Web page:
Bradley Lauded for His Lifetime of Journalism

Aug 1, 2005  •  Post A Comment

Sheree R. Curry

Special to TelevisionWeek

Ed Bradley, CBS News correspondent and co-editor of “60 Minutes,” is this year’s recipient of the National Association of Black Journalists’ Lifetime Achievement Award.

Mr. Bradley, an 18-time Emmy winner-three won just last year-has produced unforgettable news stories that made a difference. His June 2002 report “The Church on Trial,” about sexual abuse in the Catholic Church, won him an Emmy, as did his March 2000 interview with condemned Oklahoma City bomber Timothy McVeigh. Mr. Bradley’s interview with Mr. McVeigh is the only television interview Mr. McVeigh ever granted.

When Mr. Bradley reported on the plight of Africans dying of AIDS in his hour-long June 2000 special “Death by Denial,” he not only won a Peabody Award but also helped convince drug companies to donate AIDS drugs and discount prices.

“Ed has had a life and a consistency of journalistic excellence,” said Bryan Monroe, an NABJ VP and the assistant VP of news at Knight Ridder in San Jose, Calif. “He has broken many stories on African Americans and has been a beacon for many journalists working today. They see the great journalism he has been doing and say, ‘I want to be like him.'”

Surprisingly, this 64-year-old Philadelphia native originally started out as a teacher. In 1964, armed with a B.S. in education from Cheyney (Pa.) State College, he taught in Philadelphia-area classrooms, eventually becoming an interim principal. All the while, he volunteered or worked part time for $1.50 an hour at Philadelphia radio station WDAS.

At WDAS he did a variety of jobs, including spinning records by Miles Davis, John Coltrane and Billie Holiday, according to an interview with writer R.J. DeLuke that is posted at allaboutjazz.com. (Mr. Bradley was unavailable for an interview with TelevisionWeek due to his being on vacation while “60 Minutes” was on hiatus for the month of July.)

When the riots broke out in Philadelphia during the civil rights era, Mr. Bradley was there. According to a video interview he gave the Maynard Institute for Journalism Education, Mr. Bradley took the initiative to cover the riots for the radio station, calling in stories from a pay phone. “I knew I wasn’t suited to be a classroom teacher,” he said.

One day he arrived to interview Dr. Martin Luther King Jr., who was sitting in his Philadelphia hotel room in his stocking feet and a T-shirt, eating potato salad and collard greens, Mr. Bradley recounted. Even in the casual circumstances, “I remember being stunned watching this man,” he said, but he also knew Dr. King was going to be late for the interview, so Mr. Bradley improvised and interviewed others while waiting for Dr. King.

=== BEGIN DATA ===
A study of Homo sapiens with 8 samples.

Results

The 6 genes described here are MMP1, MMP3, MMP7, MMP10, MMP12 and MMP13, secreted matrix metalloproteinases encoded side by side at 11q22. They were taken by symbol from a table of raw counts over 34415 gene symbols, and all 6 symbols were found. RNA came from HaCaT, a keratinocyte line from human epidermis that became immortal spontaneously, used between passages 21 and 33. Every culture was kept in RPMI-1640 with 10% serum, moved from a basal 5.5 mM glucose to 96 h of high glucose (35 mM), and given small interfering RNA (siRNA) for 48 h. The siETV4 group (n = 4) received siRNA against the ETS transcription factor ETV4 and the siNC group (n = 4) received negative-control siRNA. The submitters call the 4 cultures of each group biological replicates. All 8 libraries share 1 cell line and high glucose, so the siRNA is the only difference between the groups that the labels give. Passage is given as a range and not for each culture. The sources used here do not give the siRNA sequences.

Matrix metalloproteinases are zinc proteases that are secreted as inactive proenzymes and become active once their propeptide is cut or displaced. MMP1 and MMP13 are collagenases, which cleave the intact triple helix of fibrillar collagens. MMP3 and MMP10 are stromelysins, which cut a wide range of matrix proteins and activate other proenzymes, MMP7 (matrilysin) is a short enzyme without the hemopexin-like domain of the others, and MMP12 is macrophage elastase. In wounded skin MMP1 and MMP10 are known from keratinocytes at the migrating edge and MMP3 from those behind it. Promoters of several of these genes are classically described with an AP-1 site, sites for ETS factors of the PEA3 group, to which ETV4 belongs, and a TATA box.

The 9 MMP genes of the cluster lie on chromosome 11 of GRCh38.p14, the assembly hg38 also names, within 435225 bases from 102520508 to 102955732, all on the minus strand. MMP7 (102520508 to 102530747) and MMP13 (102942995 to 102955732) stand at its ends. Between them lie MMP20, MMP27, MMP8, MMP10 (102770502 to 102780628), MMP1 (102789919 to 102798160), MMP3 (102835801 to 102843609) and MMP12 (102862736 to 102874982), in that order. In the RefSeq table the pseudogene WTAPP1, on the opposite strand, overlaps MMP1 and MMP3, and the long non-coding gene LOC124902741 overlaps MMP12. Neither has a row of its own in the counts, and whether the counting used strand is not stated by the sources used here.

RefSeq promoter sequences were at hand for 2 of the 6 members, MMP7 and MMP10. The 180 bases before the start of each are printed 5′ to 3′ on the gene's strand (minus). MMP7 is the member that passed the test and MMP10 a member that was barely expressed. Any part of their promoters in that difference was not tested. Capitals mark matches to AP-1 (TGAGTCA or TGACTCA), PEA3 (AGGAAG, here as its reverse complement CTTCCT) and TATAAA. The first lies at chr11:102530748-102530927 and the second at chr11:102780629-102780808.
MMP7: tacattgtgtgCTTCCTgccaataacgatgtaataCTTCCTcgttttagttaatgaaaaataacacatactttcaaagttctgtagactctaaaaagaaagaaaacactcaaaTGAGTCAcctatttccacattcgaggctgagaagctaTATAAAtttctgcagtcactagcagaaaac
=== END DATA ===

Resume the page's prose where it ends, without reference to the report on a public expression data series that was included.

In August 1967 Mr. Bradley followed a mentor to New York and took a full-time position with WCBS radio. He said he was one of three blacks on staff; the two others were a radio technician and a janitor. He was given mainly black-related stories until he went to the assigning editor and said, “I want to be treated at this station the same way you treat anyone else. If you can’t see your way clear to do that, I’ll take it up with the news director.” From that point on, he said in the Maynard interview, he saw a change in the kind of assignments he received.

In September 1971 Mr. Bradley jumped to CBS News as a stringer in its Paris bureau.

A year later he transferred to the Saigon, South Vietnam, bureau and in April 1973 he was wounded while on assignment in Cambodia.

In June 1974 he was assigned to the bureau in Washington. He became anchor of “CBS Sunday Night News” in November 1976 and joined “60 Minutes” during the 1981-82 season. This fall will mark his 25th season with “60 Minutes.”

“I remember when I first met Ed at NABJ in New York in 1989,” said Mr. Monroe, the NABJ VP. “I was a young journalist and there was Ed Bradley sipping on a glass of wine. He was one of the kindest journalists I met, but a fierce journalist and fierce competitor. Singling him out for lifetime achievement recognizes his career of work in journalism.”